WASHINGTON — The Federal Bureau of Prisons recently agreed to conduct a comprehensive review of solitary confinement practices in its correctional facilities to determine the monetary and public safety repercussions of the current policy. The federal agency will hire an independent auditor to review the practice. The federal prison system is larger than any of the individual state systems, holding 215,000 inmates.
Senator Dick Durbin (D-Illinois) spearheaded the review. Durbin believes the practice of solitary confinement has gone on for too long.
“The United States holds more prisoners in solitary confinement than any other democratic nation in the world, and the dramatic expansion of solitary confinement is a human rights issue we can't ignore,” Durbin said.
Representatives for Durbin argued that prisoners in isolation often suffered severe psychological impacts after spending the vast majority of their time in small cells with no windows. They added that over half of all suicides committed in prisons occurred in solitary confinement.
They also noted that 56 percent of inmates had spent some time in segregated housing in Durbin’s home state of Illinois.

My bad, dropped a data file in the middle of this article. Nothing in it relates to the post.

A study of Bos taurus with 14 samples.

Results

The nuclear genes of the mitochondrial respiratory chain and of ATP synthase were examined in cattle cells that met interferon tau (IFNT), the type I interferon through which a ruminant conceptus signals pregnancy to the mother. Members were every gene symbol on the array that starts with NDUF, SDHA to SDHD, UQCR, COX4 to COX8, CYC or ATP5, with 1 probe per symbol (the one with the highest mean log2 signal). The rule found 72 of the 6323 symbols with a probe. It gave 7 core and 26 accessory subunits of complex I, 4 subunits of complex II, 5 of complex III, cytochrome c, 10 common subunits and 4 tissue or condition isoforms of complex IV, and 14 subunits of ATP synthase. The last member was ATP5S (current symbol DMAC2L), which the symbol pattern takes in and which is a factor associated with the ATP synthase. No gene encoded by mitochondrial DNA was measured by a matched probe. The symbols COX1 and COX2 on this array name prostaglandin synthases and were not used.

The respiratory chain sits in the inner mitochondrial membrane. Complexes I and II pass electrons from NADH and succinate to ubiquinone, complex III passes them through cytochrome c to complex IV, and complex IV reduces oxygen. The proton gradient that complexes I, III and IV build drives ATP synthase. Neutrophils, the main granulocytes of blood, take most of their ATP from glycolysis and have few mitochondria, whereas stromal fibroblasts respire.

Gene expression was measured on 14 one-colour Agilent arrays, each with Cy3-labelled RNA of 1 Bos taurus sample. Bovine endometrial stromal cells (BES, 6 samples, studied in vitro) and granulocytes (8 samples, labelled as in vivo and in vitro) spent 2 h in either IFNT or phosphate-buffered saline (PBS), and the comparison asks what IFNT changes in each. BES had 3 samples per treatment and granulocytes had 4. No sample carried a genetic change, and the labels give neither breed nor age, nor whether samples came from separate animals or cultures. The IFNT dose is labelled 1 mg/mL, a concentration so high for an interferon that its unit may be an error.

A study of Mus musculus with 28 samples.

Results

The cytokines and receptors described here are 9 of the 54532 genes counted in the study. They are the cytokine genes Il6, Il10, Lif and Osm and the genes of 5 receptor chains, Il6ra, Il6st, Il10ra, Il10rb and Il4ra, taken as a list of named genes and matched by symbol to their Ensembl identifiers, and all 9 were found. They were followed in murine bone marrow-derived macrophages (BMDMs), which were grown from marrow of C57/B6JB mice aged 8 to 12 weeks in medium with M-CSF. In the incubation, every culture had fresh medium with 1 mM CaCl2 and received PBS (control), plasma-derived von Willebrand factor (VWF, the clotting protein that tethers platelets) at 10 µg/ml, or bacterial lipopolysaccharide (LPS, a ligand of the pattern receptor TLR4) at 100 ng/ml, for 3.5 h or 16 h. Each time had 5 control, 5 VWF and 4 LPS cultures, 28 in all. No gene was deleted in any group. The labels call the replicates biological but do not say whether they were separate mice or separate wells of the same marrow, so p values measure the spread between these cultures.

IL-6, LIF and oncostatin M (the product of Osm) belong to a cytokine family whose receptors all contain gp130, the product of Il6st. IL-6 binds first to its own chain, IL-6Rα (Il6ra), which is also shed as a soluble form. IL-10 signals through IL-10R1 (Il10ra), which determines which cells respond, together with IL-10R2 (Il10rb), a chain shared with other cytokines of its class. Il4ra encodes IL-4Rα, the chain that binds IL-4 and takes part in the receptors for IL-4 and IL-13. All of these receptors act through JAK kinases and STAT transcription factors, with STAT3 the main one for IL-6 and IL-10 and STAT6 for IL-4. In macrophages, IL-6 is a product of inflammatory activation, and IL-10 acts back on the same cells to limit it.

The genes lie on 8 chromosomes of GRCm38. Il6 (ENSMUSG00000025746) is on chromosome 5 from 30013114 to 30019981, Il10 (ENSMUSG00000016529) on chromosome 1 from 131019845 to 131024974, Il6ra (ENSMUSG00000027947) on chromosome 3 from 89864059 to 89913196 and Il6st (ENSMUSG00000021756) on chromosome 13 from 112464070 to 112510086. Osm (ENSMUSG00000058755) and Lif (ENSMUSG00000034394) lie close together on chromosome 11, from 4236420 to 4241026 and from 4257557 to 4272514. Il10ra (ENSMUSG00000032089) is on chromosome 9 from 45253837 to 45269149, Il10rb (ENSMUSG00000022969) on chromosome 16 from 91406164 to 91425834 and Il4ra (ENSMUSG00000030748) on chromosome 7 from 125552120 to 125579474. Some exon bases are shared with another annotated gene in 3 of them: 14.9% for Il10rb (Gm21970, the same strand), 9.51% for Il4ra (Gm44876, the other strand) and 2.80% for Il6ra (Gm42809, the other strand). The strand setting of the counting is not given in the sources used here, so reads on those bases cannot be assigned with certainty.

“We can no longer slam the cell door and turn our backs on the impact our policies have on the mental state of the incarcerated and ultimately on the safety of our nation,” Durbin added.
Durbin first raised the issue in June 2012, when the Senate Judiciary Committee conducted the first-ever congressional hearing on solitary confinement. A press release from the senator’s office reported that the Federal Bureau of Prisons reduced the size of its segregated population by nearly 25 percent since that original hearing. The document added that several states also made changes since that hearing.
“Mississippi reduced its segregated population by more than 75 percent, which resulted in a 50 percent reduction in prison violence,” the statement explained.
The announcement was embraced by the American Civil Liberties Union (ACLU), which has long decried the solitary confinement tactic.
“We hope and expect that the review announced today will lead the bureau to significantly curtail its use of this draconian, inhumane and expensive practice,” David Fathi, director of the ACLU's National Prison Project, said in a statement.
The most notorious solitary confinement unit is the U.S. Penitentiary Administrative Maximum facility in Florence, Colo., which holds 400 men. That facility currently faces a class action lawsuit filed on behalf of five inmates housed there.